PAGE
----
03 June 2014
This might seem silly to point out because of course Microsoft is going to use their own browser as the basis for their own development technology. But, it is worth mentioning that your application will be running in a version of IE11. For developers who work on internal applications where IE tends to be the primary browser, this might not be an issue. But, for developers who write for the larger web, IE seems to always be the problem that needs to be worked around. Obviously, it is not as bad as the days of IE6. But, the IE legacy continues and has caused troubles more than once on our project. That being said, if you are having HTML/CSS issues, you will want to think of it in terms of IE11.
Your Presentation Framework Determines Your “Back-End” language
This certainly put a damper on my project at first. Coming into the project, not knowing anything, we had an expectation of a more ASP.NET MVC-like environment. For normal Windows Store applications, this might not be an issue because ideally you should put very little (if any) business logic into a tablet/phone application and let “the cloud” do most of the heavy lifting. However, in an industrial setting such as ours, network connectivity simply is not an option. And, most everything needs to be built into the tablet application.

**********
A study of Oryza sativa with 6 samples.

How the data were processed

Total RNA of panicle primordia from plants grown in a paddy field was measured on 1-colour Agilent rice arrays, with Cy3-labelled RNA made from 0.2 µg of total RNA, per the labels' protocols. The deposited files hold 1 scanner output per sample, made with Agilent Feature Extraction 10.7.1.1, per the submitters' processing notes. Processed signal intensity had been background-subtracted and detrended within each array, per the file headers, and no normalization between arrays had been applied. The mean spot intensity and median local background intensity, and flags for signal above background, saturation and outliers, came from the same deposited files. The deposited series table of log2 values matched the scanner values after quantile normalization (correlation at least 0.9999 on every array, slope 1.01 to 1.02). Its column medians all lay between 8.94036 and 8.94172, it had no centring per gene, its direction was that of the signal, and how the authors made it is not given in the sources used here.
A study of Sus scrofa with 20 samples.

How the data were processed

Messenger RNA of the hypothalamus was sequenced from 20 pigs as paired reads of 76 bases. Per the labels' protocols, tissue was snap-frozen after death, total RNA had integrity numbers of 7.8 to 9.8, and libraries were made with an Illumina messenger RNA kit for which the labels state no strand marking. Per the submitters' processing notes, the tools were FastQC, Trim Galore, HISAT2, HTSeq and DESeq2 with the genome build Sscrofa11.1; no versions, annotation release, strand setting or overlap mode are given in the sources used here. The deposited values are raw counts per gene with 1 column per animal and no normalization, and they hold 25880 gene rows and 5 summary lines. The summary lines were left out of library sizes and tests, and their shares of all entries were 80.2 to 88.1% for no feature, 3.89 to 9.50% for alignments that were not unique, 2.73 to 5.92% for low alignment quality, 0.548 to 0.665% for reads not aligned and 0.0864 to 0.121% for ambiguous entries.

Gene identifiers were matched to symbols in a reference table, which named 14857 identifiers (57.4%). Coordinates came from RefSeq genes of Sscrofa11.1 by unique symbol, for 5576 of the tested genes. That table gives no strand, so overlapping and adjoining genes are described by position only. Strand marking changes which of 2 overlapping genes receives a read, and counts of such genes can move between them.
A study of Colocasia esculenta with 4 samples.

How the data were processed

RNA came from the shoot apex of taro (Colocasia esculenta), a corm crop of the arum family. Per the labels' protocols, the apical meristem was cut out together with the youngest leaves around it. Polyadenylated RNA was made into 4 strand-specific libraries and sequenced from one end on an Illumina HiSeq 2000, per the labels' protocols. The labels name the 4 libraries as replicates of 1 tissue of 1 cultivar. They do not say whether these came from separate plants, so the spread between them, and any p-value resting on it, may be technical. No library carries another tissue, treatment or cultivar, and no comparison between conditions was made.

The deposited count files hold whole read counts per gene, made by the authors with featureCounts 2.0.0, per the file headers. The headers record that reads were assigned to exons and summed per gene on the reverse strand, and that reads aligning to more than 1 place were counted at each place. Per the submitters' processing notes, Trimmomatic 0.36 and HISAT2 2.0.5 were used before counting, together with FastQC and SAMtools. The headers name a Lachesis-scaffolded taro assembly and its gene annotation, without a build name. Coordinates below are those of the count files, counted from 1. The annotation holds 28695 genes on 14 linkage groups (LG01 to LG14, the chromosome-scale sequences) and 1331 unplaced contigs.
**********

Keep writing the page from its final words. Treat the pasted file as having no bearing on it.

Do Not Judge WinJS Based on the VS Project Templates
Some of the tags that are unsafe are a little funny. For example
/>. I am not sure why that is still a thing, and I would love to find
someone who can tell me why it is a security risk. But, others are
<applet />). I found the Microsoft documentation
to be really confusing on this subject and the restrictions to be
inconsistent. But, after quite a bit of experimenting, it makes some
sense and follows only a few patterns.